Updated COVID-19 vaccines are coming soon, just in time to pair them with flu shots. And this fall, the first vaccines for another scary virus called RSV are rolling out to older adults and pregnant women.
Doctors hope enough people get vaccinated to help avert another "tripledemic" like last year when hospitals were overwhelmed with an early flu season, an onslaught of RSV, or respiratory syncytial virus, and yet another winter coronavirus surge.
COVID-19 hospitalizations have been steadily increasing since late summer, although not nearly as much as this time last year, and RSV already is on the rise in parts of the Southeast.
Approval of updated COVID-19 shots is expected within days. They are among the tools the new director of the Centers for Disease Control and Prevention says will help put the U.S. in "our strongest position yet" to avoid another chaotic respiratory season.
"There will be a lot of virus this winter. That’s why we want to get ahead of it," CDC chief Dr. Mandy Cohen said.
Here is what you need to know about fall vaccinations:
Why do we need more COVID shots?
A Roseland Community Hospital nurse prepares doses of the Pfizer vaccine on Dec. 30, 2021 Brian Cassella/Chicago Tribune/Tribune News Service via Getty Images)
The ever-evolving coronavirus isn’t going away. Similar to how flu shots are updated each year, the Food and Drug Administration gave COVID-19 vaccine makers a new recipe for this fall.
The updated shots have a single target, an omicron descendant named XBB.1.5. It’s a big change. The COVID-19 vaccines offered since last year are combination shots targeting the original coronavirus strain and a much earlier omicron version, making them very outdated.
Pfizer, Moderna and Novavax all have brewed new supplies.
The FDA will soon decide if each company has met safety, effectiveness and quality standards. Then the CDC must sign off before vaccinations begin. A CDC advisory panel is set to meet Tuesday to make recommendations on how best to use the latest shots.
Earlier this month, European regulators authorized Pfizer’s updated vaccine for this fall, for adults and children as young as 6 months.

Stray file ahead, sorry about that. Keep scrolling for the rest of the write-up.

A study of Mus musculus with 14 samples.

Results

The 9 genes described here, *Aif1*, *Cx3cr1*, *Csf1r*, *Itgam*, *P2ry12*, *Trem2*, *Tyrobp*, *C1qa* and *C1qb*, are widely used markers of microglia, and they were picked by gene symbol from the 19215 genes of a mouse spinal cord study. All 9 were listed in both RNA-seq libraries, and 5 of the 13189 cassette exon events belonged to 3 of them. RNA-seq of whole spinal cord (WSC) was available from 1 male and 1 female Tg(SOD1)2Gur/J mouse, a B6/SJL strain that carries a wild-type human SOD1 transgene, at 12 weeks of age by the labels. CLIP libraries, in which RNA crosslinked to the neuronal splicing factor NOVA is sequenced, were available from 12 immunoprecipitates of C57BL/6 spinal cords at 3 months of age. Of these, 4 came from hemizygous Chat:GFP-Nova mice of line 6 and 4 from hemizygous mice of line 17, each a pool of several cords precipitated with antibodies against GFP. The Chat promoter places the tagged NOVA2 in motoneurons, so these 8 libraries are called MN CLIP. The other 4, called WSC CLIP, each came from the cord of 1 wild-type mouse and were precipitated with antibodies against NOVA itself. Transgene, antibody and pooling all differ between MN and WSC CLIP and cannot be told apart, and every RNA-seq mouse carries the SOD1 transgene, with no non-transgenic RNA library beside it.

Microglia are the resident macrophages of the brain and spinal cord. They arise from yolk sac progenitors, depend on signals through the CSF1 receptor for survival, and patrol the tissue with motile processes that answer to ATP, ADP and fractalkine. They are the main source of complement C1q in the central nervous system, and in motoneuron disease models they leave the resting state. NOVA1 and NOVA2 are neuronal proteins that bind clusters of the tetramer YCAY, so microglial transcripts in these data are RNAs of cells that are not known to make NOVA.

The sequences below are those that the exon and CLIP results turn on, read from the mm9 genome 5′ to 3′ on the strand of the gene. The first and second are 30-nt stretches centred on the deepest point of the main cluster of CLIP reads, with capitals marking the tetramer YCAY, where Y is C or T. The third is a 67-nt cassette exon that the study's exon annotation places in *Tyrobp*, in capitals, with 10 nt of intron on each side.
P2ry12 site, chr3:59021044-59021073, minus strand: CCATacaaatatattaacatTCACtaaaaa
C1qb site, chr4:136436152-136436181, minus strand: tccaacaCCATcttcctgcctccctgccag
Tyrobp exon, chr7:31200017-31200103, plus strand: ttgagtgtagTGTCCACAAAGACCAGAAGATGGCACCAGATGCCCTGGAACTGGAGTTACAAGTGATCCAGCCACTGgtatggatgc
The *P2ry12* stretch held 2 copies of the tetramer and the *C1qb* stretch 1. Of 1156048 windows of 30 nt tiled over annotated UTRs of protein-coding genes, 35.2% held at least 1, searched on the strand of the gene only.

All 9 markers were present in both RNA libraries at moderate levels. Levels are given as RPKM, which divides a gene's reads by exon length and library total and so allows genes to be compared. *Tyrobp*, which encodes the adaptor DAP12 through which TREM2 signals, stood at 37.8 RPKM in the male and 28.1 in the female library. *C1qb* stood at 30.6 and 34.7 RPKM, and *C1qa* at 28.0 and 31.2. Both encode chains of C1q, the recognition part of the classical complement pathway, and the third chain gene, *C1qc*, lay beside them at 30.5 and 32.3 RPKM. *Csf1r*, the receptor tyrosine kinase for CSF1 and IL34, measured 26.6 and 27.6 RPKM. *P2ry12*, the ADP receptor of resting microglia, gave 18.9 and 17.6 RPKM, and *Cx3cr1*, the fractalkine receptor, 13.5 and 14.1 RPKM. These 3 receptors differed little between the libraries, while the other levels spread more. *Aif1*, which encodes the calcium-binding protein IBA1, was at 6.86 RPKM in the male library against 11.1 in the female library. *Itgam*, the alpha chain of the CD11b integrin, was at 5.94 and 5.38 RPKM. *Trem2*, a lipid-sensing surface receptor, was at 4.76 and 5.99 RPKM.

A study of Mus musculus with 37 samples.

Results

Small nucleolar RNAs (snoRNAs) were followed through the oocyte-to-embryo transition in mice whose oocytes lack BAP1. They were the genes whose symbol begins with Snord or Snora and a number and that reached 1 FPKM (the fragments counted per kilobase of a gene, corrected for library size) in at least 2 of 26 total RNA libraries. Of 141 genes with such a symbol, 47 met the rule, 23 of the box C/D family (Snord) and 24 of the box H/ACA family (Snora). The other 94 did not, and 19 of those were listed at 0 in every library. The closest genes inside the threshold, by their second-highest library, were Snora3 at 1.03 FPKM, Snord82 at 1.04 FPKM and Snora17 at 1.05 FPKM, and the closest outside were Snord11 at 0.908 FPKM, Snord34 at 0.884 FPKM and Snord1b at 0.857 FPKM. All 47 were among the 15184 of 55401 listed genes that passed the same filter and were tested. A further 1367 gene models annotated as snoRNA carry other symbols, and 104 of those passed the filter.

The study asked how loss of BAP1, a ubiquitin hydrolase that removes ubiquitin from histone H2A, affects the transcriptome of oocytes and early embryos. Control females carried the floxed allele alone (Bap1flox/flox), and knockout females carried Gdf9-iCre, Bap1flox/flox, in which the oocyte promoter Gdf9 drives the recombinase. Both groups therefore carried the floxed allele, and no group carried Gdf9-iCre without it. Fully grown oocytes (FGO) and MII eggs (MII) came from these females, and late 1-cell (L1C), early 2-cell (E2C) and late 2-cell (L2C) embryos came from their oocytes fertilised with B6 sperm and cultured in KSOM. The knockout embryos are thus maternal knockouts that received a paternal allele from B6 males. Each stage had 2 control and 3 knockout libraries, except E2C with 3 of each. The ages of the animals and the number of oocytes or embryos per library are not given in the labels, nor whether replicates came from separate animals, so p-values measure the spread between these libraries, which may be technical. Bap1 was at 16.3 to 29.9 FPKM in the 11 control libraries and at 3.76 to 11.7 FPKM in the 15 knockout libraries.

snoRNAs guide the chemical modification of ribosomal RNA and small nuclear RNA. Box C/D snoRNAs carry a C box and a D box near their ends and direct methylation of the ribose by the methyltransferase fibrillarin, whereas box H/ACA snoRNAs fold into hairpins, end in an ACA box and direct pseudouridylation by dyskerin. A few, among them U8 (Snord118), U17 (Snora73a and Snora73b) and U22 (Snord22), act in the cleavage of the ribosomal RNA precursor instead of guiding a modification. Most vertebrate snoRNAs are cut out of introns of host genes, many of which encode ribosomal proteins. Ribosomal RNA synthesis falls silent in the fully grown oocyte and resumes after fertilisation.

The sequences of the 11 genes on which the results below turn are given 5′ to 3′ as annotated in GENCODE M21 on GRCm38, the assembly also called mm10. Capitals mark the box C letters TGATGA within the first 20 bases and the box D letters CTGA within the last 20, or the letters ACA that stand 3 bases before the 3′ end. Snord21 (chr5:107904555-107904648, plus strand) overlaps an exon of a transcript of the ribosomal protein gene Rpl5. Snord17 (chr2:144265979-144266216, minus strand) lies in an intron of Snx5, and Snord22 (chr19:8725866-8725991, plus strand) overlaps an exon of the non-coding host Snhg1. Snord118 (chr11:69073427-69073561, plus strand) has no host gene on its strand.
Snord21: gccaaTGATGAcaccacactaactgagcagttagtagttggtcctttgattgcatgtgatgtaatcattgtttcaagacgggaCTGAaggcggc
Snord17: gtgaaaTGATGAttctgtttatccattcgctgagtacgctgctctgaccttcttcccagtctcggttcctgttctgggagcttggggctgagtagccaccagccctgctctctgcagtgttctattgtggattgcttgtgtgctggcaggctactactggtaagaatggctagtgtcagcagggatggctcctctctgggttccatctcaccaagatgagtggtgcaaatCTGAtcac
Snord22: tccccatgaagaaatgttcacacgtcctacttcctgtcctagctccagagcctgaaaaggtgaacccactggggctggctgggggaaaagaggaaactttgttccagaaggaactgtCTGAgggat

Will the new shots be effective?
Health officials are optimistic, barring a new mutant.
As expected, XBB.1.5 has faded away in the months it took to tweak the vaccine. Today, there is a soup of different coronavirus variants causing illness and the most common ones are fairly close relatives. Recent lab testing from vaccine makers and other research groups suggest the updated shots will offer crossover protection.
Earlier vaccinations or infections have continued to help prevent severe disease and death but protection wanes over time, especially against milder infections as the virus continually evolves. While the FDA did allow seniors and others at high risk to get an extra booster dose last spring, most Americans haven’t had a vaccination in about a year.
"The best thing people can do to maintain a normal way of life is to continue to get their booster shots," said Duke University vaccine expert David Montefiori.
Who needs a flu shot?
The CDC urges a yearly flu shot for pretty much everyone ages 6 months and up. The best time is by the end of October.
Like with COVID-19, influenza can be especially dangerous to certain groups including the very young, older people and those with weak immune systems and lung or heart disease.
There are multiple kinds of flu vaccines to choose from, including a nasal spray version for certain younger people. More important, there are three shots specifically recommended for seniors to choose from because they are proven to do a better job revving up an older adult’s immune system.
Can I get a flu shot and a COVID-19 shot at the same time?
The CDC says there is no difference in effectiveness or side effects if people get those vaccines simultaneously, although one in each arm might be more comfortable.
What's the new RSV vaccine?
RSV is a cold-like nuisance for most people, and not as well-known as the flu. But RSV packs hospitals every winter and can be deadly for children under 5, the elderly and people with certain high-risk health problems. Most notorious for inflaming babies' tiny airways, leaving them wheezing, it's also a common cause of pneumonia in seniors.
RSV vaccines from GSK and Pfizer are approved for adults 60 and older. The CDC is advising seniors to ask their doctor if they should get the one-dose shot.
The FDA also has approved Pfizer’s RSV vaccine to be given late in pregnancy so moms-to-be pass the protection to their newborns. CDC recommendations on that use are expected later this month.
Also still to come: advice on whether RSV vaccines should be given together with flu and COVID-19 shots.
What about babies and RSV?
There is one more new shot parents may hear about this fall: an injection of lab-made antibodies to guard babies from RSV.
That is different than a vaccine, which teaches the body to make its own infection-fighting antibodies, but is similarly protective.
The FDA recently approved Beyfortus, from Sanofi and AstraZeneca. The one-dose drug is recommended for all infants younger than 8 months before their first RSV season.